Journal cover Journal topic
Atmospheric Chemistry and Physics An interactive open-access journal of the European Geosciences Union
Atmos. Chem. Phys., 9, 6479-6494, 2009
© Author(s) 2009. This work is distributed under
the Creative Commons Attribution 3.0 License.
08 Sep 2009
Distribution and sources of bioaccumulative air pollutants at Mezquital Valley, Mexico, as reflected by the atmospheric plant Tillandsia recurvata L.
A. Zambrano García1, C. Medina Coyotzin1, A. Rojas Amaro1, D. López Veneroni1, L. Chang Martínez2, and G. Sosa Iglesias1 1Dirección Ejecutiva de Investigación y Posgrado, Instituto Mexicano del Petróleo, México D.F., Mexico
2Universidad Michoacana de San Nicolás de los Hidalgo, Morelia, Mexico
Abstract. Mezquital Valley (MV), a Mexican wastewater-based agricultural and industrial region, is a "hot spot" of regulated air pollutants emissions, but the concurrent unregulated ones, like hazardous metals and polycyclic aromatic hydrocarbons (PAH), remain undocumented. A biomonitoring survey with the epiphytic Tillandsia recurvata was conducted there to detect spatial patterns and potential sources of 20 airborne elements and 15 PAH. The natural δ13C and δ15N ratios of this plant helped in source identification. The regional mean concentration of most elements was two (Cr) to over 40 times (Ni, Pb, V) higher than reported for Tillandsia in other countries. Eleven elements, pyrene and chrysene had 18–214% higher mean concentration at the industrial south than at the agricultural north of MV. The total quantified PAH (mean, 572 ng g−1; range, 143–2568) were composed by medium (65%, phenanthrene to chrysene), low (28%, naphthalene to fluorene) and high molecular weight compounds (7%, Benzo(b)fluoranthene to indeno(1,2,3-cd)pyrene). The δ13C (mean, −14.6‰; range, −15.7‰ to −13.7‰) was consistently lower than −15‰ near the major petroleum combustion sources. The δ15N (mean, −3.0‰; range, −9.9‰ to 3.3‰) varied from positive at agriculture/industrial areas to negative at rural sites. Factor analysis provided a five-factor solution for 74% of the data variance: 1) crustal rocks, 39.5% (Al, Ba, Cu, Fe, Sr, Ti); 2) soils, 11.3%, contrasting contributions from natural (Mg, Mn, Zn) and saline agriculture soils (Na); 3) cement production and fossil fuel combustion, 9.8% (Ca, Ni, V, chrysene, pyrene); 4) probable agricultural biomass burning, 8.1% (K and benzo(g,h,i)perylene), and 5) agriculture with wastewater, 5.2% (δ15N and P). These results indicated high deposition of bioaccumulative air pollutants at MV, especially at the industrial area. Since T. recurvata reflected the regional differences in exposition, it is recommended as a biomonitor for comparisons within and among countries where it is distributed: southern USA to Argentina.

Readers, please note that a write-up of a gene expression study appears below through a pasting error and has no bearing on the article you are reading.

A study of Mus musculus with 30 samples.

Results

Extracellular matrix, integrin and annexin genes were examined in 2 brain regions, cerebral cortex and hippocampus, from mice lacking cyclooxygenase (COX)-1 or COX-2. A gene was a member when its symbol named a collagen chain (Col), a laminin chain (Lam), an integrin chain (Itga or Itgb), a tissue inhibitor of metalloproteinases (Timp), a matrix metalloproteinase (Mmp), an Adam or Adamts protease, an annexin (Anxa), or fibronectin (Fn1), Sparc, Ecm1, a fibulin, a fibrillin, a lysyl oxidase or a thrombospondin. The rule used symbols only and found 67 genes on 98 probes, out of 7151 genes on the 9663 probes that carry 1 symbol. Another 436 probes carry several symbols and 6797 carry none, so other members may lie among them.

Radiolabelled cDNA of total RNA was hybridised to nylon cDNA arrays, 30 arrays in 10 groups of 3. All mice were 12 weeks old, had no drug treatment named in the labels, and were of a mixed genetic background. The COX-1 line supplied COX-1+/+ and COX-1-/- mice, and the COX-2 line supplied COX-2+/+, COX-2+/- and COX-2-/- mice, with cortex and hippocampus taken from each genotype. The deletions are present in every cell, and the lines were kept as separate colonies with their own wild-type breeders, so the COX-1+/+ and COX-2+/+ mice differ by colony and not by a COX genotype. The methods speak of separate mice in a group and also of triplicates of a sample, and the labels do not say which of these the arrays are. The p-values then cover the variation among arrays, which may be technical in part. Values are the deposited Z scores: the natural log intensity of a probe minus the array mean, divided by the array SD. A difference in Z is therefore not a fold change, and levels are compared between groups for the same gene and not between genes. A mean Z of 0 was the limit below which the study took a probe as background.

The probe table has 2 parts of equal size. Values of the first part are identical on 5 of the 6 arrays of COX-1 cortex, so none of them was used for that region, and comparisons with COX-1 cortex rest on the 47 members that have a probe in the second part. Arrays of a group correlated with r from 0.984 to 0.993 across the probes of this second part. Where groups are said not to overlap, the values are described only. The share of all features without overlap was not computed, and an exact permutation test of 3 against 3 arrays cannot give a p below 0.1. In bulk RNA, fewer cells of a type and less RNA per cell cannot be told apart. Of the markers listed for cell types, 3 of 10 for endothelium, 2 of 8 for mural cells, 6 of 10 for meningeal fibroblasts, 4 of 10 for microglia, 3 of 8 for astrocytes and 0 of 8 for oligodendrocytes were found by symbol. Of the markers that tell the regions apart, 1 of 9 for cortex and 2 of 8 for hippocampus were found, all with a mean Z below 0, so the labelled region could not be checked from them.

Citation: Zambrano García, A., Medina Coyotzin, C., Rojas Amaro, A., López Veneroni, D., Chang Martínez, L., and Sosa Iglesias, G.: Distribution and sources of bioaccumulative air pollutants at Mezquital Valley, Mexico, as reflected by the atmospheric plant Tillandsia recurvata L., Atmos. Chem. Phys., 9, 6479-6494,, 2009.